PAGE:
People toss around the term “borderline” a lot, without knowing exactly what it means, so I am going to quote from the DSM-V the definition of Borderline Personality Disorder.

        A pervasive pattern of of instability of interpersonal relationships, self-image, and affects, and marked impulsivity, beginning by early adulthood and present in a variety of contexts as indicated by five or more of the following:

        1. Frantic efforts to avoid real or imagined abandonment

        2. A pattern of unstable and intense relationships characterized by alternating extremes of idealization and devaluation

        3. Identity disturbance: markedly and persistently unstable self-image

        4. Impulsivity in at least two areas that are potentially self-damaging (e.g. spending, sex, substance abuse, reckless driving, binge eating)

        5. Recurrent suicidal behavior, gestures, or threats, or self-mutilating behavior

        6. Affective instability due to a marked reactivity of mood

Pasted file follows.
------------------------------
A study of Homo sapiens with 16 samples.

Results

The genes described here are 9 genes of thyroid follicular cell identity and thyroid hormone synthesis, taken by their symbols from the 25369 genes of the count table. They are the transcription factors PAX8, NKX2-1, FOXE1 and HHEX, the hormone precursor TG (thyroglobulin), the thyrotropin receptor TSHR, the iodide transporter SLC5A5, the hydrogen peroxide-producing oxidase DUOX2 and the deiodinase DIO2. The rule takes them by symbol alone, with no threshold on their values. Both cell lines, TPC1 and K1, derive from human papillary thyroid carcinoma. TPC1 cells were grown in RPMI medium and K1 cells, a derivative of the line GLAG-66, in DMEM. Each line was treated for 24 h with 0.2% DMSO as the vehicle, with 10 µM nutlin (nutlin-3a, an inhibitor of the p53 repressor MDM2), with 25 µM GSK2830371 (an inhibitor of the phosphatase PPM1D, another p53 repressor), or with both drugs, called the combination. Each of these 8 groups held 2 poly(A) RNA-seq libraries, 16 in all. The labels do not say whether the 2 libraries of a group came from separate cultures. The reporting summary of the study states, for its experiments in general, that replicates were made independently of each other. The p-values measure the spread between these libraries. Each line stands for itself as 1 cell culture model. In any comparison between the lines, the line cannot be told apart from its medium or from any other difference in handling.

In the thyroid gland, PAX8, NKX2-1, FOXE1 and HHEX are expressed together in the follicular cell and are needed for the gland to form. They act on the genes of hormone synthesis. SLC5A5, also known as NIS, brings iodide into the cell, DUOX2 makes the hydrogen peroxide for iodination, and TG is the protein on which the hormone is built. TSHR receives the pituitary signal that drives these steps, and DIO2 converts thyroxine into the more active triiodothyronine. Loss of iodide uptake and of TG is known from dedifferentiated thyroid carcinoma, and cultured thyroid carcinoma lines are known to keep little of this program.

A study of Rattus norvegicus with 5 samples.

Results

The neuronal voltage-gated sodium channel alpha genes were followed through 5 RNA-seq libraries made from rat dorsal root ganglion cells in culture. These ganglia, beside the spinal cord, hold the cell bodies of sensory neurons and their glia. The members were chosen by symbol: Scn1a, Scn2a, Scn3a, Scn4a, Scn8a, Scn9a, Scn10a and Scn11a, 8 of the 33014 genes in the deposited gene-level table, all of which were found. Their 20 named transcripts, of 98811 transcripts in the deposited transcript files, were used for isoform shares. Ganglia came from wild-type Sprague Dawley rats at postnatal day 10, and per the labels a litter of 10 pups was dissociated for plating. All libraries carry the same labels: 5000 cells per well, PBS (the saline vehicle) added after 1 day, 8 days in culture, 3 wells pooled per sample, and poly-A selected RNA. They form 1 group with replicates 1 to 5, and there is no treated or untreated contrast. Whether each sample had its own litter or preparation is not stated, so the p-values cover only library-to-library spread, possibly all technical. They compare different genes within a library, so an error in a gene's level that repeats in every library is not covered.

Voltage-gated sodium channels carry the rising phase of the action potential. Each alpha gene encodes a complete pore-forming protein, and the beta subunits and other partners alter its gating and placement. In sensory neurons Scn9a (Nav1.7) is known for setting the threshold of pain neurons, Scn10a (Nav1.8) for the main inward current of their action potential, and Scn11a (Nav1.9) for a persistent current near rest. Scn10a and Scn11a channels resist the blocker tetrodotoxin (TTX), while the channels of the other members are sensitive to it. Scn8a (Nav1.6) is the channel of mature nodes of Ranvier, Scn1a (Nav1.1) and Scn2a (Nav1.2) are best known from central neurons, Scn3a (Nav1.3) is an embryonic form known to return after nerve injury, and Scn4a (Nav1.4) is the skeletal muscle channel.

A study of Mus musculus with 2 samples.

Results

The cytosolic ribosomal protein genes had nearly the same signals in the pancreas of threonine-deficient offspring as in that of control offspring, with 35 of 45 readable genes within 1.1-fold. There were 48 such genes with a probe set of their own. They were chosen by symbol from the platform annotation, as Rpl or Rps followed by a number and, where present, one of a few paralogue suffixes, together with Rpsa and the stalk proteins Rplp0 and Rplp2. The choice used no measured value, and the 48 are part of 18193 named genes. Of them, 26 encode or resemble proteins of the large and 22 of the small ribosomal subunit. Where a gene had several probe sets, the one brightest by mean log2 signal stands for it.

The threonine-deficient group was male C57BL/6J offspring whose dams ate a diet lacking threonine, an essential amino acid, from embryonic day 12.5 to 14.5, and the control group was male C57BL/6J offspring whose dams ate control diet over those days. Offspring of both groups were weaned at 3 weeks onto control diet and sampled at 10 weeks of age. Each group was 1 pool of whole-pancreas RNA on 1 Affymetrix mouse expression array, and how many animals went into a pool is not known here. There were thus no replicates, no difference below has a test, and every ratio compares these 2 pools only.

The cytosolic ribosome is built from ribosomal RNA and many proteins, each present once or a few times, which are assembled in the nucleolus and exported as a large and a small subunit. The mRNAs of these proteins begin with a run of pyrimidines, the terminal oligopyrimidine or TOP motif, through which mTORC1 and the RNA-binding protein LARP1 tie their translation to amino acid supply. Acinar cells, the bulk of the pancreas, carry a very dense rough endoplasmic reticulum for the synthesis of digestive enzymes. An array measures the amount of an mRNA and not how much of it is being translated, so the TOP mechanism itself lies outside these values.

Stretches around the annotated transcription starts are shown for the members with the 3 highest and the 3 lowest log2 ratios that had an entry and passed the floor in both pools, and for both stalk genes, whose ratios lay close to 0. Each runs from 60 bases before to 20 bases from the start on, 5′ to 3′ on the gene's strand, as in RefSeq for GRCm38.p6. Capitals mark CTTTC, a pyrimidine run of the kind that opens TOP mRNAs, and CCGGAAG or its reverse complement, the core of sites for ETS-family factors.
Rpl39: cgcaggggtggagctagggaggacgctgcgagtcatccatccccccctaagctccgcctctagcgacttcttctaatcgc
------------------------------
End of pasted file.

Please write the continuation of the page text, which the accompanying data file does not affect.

7. Chronic feelings of emptiness

        8. Inappropriate, intense anger or difficulty controlling anger

        9. Transient, stress-related paranoid ideation or severe dissociative symptoms

         Since the term “Borderline” is used so loosely, and is common in discussions of people who have ADHD, particularly females, I thought it would be a good idea to present a clear definition.  While there is some cross-over between people who have ADHD and borderline personality disorder, it is rare in my experience.  People who have ADHD are commonly intense, but rarely borderline.

          Sometimes psychiatric diagnosis is used as a camouflaged way of insulting a person.  This is the case with borderline, often.  When a mental health professional does not like a female patient he will often call her borderline.  When he does not like a male patient, he will often call him a sociopath or an addict or both.

            Of course, in our profession we should aim to understand, not judge.  Used properly, the diagnosis of Borderline Personality Disorder can be a powerful tool in understanding a person and advancing treatment. 

Question:  If you are paired with someone with BPD, what are your best avenues to figuring out what to do to calm the relationship?  Are there particularly good resources?  See a therapist?

Answer:  There’s a good book called: Stop Walking on Eggshells: Taking Your Life Back When Someone You Care About Has Borderline Personality Disorder.  And yes, the BPD person REALLY needs to see a therapist for sure.  The best treatment is dialectical behavioral therapy.  And a couple therapist for sure.  It’s workable, and can make for a very intense, exciting relationship, but can also prove disastrous without the right help.